The most underreported story of the last two days has been the fact that the UCI, not content that the Kazakh federation had caught up to its current payments to the Astana cycling team, has required the federation to deposit an additional 6 million euro bank guarantee. That amount would effectively cover the sponsor's committment through the end of the year, leaving the team to ride the rest of the season without the sort of turmoil and costume changes it's experienced so far this year.
So why does it matter what time it is in Switzerland? Because that guarantee is due at 6 pm on Tuesday (revised from 5 pm). In other words, now. If there's one thing they know in Switzerland, it's timekeeping, so if the money has failed to appear, the case goes to the UCI's licensing committee. That body could force a transfer of the license from the Kazakh federation to someone else, and I think we all know the "someone else" we're thinking of.
Though cyclingnews.com picked up the story yesterday evening, the news was in play in the Belgian and Dutch media much earlier in the day. In fact, Sportwereld posted this story early yesterday, then pulled it in favor of one with fewer details, and has now reposted it. In it, Johan Bruyneel reflects that he's still had no communication from the sponsors, though he seems pretty comfortable with that, promising that the team, whatever it may be called, will be at the Tour start in Monaco. He's so comfortable, in fact, it's almost as if he has a Plan B, eh?
Now here's the question: was Astana just waiting for this announcement before they decided whether to pay up or not? Had CAS cleared Vinokourov to ride ahead of the Tour de France start, there's a chance the money could have arrived, with one very, very hefty string attached.
CAS didn't award Vino his two-week reprieve, however, so he remains sidelined until a nice, safe July 24 (leaving Tour Poobah Christian Prudhomme free to breathe a giant sigh of relief). So now I suppose we'll never know if the Kazakhs might have been able to pass the hat for a cool 6 million to put Vinokourov directly back in the thick of things, or how Bruyneel would have reacted to the sort of strong arm tactics that the Kazakhs would have likely employed to ensure Vino his return. Compared to the oft-referenced, seldom named "cycling mafia," I'm betting the Kazakhs play just a little bit harder when the chips are down.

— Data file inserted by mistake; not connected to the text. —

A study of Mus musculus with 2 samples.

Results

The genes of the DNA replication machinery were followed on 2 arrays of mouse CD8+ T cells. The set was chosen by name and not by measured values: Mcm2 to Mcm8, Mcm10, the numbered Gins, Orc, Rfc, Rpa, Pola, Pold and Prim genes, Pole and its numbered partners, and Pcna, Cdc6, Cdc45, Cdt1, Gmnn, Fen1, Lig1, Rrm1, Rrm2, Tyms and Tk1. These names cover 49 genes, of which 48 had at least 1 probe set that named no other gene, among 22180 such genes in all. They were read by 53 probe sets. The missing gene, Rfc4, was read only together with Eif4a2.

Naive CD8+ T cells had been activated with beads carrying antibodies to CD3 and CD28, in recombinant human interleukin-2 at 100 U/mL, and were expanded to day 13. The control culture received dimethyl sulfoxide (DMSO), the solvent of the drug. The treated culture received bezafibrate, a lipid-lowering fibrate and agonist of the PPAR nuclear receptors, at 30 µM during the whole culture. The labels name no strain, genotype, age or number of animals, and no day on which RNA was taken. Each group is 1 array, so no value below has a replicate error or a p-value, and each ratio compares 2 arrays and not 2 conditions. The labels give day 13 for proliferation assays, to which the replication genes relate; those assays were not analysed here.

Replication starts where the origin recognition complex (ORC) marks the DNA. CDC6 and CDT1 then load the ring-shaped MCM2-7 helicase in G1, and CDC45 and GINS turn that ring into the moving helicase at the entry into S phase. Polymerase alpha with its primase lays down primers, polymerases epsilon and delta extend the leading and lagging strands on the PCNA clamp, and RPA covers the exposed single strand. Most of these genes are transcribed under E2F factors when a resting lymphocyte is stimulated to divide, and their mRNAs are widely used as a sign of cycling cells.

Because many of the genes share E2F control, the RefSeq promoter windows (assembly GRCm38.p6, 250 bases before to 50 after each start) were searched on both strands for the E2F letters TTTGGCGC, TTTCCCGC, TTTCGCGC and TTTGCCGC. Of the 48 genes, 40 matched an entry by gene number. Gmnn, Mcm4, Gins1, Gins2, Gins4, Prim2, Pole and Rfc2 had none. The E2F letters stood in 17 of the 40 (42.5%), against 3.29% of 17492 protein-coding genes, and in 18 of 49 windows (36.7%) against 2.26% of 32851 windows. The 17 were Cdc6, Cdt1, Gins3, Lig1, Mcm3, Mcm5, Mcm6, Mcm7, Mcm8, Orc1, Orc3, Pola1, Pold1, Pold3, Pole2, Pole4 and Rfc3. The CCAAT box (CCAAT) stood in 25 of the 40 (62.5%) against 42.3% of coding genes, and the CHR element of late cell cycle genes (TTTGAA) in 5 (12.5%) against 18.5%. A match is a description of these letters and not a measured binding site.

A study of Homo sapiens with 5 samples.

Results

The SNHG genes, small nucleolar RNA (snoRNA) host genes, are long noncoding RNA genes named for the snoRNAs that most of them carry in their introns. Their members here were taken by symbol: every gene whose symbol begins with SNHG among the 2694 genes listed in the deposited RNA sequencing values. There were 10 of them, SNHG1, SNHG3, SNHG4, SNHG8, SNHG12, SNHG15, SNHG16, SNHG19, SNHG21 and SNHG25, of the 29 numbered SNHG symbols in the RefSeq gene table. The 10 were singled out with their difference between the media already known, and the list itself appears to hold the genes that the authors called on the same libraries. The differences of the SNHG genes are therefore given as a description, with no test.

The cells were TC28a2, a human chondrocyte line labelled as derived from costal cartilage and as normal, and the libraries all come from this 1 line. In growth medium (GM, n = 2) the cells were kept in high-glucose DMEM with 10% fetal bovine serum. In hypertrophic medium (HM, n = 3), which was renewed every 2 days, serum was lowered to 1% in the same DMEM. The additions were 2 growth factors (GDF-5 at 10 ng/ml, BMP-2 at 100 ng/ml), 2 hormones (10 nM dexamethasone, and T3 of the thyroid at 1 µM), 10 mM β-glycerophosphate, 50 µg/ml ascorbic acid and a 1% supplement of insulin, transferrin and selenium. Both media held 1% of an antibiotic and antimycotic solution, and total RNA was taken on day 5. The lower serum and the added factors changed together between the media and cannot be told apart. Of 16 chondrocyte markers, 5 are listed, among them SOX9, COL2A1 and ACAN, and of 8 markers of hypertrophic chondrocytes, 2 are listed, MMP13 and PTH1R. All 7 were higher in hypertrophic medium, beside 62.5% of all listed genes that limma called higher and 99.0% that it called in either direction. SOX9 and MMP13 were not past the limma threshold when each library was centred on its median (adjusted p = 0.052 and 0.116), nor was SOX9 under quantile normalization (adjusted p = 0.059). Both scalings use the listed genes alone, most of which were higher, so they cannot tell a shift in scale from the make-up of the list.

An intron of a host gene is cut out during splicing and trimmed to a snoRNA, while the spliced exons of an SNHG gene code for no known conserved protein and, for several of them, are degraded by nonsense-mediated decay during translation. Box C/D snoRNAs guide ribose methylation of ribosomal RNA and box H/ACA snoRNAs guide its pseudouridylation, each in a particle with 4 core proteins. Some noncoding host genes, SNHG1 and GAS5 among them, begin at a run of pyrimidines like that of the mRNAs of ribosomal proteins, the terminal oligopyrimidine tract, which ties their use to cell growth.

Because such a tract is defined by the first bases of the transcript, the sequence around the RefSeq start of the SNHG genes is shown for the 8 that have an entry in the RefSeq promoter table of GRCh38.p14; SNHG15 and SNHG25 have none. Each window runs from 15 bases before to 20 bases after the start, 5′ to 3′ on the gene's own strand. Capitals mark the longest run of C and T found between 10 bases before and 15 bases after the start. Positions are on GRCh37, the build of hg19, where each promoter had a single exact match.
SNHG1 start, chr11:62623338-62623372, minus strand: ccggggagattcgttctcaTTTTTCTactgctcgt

Now all that remains to be seen is if Astana will cough up the cash to watch some Spano-Germano-Americano quadruple threat play hero on its dime, especially now that management has benched Kazakhstan's best-performing local boy, Assan Bazayev. According to the Sportwereld article, chances of receiving that check are looking pretty slim, and I'm guessing that fits pretty well into a well-developed Plan B for the team.
UPDATE, June 17 a.m.: Though there's no official release available from the UCI yet, cyclingnews.com reports that Astana (the team) did not receive any payment from the Kazakh federation by yesterday's deadline. Apparently, the Kazakhs may try again today, but not if they follow the advice of their lawyers and their negotiator, former Dutch pro Rini Wagtmans, who feel that the UCI doesn't have the authority to ask for the extra guarantee. They may be right, but not having the authority has never stopped the UCI before, so it may not matter very much in the end. In the CN article, Wagtmans weaves a few theories about how the process may go down, but I'll be damned if I can make heads or tails of what he's envisioning. Bad translation, maybe? Also, Joe Lindsey takes his own look at the situation and provides some basic background here.
Coincidentally, Wagtmans' former teammate, Eddy Merckx, has a birthday today.